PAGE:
A good book is always a great travel companion. Whether you plan to laze by the beach or on a train ride from one destination to another, these books will make you laugh, cry, learn about life or be an inspiration in your travels.
The Little Prince by Antoine de Saint-Exupéry
The Little Prince is a children’s book published in 1943 and is the most translated book in the French language. Written by French aristocrat, writer, poet and aviator Antoine de Saint-Exupéry, it tells the story of a little boy who leaves the safety of his own tiny planet to travel the universe, learning the vagaries of adult behaviour through a series of extraordinary encounters. The book also features beautiful watercolour illustrations by the author.
Eat, Pray, Love by Elizabeth Gilbert
This popular memoir tells the story of a woman in her early thirties who takes on a life-changing journey through three different countries: Italy, India, and Indonesia. Follow Elizabeth as she eats her way through Italy, meditate in an ashram in India and fall in love in the Island Of The Gods, Bali. This book is about the journey in search of what the author truly wants out of life.
The Life of Pi by Yann Martel
The Life of Pi is a fantasy novel about Pi who survives 227 days after a shipwreck. Stranded in the Pacific Ocean on a lifeboat with a tiger named Richard Parker as his companion, Life of Pi is a story that explores the issues of spirituality and practicality from an early age. Adrift in the ocean in search of land or someone to rescue him, Pi encounters various wonders such as a floating island inhabited by thousands of meerkats and an encounter with a whale.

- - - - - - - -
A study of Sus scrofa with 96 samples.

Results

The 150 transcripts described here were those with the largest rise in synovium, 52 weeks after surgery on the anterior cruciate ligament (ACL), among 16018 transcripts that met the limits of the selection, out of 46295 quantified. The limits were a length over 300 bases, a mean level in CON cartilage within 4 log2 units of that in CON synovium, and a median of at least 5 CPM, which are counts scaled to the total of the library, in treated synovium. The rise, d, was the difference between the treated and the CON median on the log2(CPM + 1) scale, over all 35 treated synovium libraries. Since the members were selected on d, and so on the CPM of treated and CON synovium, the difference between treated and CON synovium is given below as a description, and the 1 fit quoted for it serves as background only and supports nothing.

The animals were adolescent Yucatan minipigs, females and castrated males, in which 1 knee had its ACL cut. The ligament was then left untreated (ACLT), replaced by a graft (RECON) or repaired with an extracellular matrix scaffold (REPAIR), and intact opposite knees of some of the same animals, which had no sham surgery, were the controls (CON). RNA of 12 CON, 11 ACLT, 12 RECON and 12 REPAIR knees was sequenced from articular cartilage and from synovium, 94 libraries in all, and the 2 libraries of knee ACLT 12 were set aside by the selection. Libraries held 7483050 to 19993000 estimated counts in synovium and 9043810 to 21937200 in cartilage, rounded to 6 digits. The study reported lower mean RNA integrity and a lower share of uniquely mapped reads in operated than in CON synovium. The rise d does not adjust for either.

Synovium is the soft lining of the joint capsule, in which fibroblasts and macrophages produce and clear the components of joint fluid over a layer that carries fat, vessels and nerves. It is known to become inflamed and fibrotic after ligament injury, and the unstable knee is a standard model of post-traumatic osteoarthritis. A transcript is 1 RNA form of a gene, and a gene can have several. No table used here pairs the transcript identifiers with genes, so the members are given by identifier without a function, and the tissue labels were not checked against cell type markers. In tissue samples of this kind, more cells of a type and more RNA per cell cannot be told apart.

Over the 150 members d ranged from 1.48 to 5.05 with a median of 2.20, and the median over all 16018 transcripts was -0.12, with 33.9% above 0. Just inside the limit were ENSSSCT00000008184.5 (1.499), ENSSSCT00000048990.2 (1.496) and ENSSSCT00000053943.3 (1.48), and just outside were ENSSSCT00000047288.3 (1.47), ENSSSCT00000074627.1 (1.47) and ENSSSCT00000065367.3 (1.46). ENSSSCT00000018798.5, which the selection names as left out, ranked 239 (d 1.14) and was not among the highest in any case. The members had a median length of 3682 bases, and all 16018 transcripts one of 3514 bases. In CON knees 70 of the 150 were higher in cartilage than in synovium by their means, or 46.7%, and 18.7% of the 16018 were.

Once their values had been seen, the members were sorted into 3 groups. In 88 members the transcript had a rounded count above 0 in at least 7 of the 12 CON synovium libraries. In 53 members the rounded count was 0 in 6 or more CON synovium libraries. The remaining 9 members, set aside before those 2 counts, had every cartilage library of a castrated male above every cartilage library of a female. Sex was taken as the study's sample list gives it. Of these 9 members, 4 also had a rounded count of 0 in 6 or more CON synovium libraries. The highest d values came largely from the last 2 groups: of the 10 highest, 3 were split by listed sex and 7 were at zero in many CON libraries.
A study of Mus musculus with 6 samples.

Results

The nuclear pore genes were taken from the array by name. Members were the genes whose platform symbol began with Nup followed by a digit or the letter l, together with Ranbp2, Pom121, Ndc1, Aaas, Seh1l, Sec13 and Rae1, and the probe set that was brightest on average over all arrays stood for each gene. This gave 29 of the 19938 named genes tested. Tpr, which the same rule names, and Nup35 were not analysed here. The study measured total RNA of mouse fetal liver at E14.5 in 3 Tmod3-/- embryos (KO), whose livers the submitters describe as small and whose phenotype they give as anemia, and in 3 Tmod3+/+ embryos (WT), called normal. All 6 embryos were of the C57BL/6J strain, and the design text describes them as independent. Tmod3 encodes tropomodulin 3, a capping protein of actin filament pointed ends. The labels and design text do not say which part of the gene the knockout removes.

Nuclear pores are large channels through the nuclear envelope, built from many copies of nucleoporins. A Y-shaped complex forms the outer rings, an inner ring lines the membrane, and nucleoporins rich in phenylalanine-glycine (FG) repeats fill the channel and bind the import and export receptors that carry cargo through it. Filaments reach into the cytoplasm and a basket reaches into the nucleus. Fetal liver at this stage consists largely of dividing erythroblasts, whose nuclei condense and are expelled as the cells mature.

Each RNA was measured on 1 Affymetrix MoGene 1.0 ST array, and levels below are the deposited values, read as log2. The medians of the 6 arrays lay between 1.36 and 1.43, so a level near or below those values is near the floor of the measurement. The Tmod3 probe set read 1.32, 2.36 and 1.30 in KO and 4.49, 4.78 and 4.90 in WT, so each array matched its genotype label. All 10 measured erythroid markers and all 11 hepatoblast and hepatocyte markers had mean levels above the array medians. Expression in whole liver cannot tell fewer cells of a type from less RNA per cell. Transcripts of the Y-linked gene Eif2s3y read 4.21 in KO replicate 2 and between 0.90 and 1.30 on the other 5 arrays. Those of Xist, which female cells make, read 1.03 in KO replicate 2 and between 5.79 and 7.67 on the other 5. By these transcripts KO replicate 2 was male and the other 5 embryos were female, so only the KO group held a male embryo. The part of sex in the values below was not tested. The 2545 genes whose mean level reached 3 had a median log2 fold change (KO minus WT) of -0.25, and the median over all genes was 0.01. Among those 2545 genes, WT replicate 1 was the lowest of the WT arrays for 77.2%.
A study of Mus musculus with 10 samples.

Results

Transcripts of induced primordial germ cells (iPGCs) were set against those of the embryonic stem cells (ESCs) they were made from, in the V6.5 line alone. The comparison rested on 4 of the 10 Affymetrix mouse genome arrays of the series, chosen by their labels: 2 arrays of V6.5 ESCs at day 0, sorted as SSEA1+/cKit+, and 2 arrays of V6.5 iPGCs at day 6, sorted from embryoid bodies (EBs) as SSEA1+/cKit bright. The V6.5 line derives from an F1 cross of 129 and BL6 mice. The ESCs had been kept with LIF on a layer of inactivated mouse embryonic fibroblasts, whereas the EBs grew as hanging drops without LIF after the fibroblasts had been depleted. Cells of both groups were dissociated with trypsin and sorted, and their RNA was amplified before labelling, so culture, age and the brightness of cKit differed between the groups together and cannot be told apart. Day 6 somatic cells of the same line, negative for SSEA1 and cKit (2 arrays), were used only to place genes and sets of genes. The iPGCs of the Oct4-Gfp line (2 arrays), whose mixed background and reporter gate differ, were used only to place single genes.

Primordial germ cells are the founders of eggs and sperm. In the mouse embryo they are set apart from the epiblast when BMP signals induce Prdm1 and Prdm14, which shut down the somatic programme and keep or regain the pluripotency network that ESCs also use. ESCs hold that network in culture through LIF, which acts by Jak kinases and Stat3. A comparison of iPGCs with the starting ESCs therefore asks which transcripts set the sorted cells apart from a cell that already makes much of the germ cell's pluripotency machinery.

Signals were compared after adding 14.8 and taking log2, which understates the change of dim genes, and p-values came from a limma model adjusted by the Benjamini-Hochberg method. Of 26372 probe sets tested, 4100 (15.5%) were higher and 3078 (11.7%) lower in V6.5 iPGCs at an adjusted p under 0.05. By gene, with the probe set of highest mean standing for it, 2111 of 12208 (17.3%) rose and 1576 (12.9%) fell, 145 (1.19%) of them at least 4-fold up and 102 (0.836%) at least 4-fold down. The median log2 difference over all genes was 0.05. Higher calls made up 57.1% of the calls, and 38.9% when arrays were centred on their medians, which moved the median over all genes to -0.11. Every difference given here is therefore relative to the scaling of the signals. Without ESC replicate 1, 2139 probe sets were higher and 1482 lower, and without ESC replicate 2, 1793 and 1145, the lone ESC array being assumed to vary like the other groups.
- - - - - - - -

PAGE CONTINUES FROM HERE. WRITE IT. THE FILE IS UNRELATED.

The Five People You Meet in Heaven by Mitch Albom
The Five People You Meet in Heaven is arguably Alboms’ best-selling novel, spending 95 weeks on the New York Times Best Seller list. It is a book about one’s purpose in life, and starts with war veteran Eddie, now a maintenance man at an amusement park, who dies trying to save the life of a little girl falling off a ferris wheel. Eddie wakes up in the afterlife, but soon realises that heaven is not a lush Garden of Eden but a place where his time on earth is explained by five people who have impacted his life the most.
The Joy Luck Club by Amy Tan
In The Joy Luck Club, Tan tells the story of four families who make their way to San Francisco from China. It is told from the point of view of the mothers and the daughters, who are first generation Americans. As each woman reveals her secrets, trying to unravel the truth about her life, the strings become more tangled, more entwined. Mothers boast or despair over daughters, and daughters roll their eyes even as they feel the inextricable tightening of their matriarchal ties. Tan’s masterful exploration of the oft-times painful but deep connection between mothers and daughters will have you immersed in its narrative from start to finish.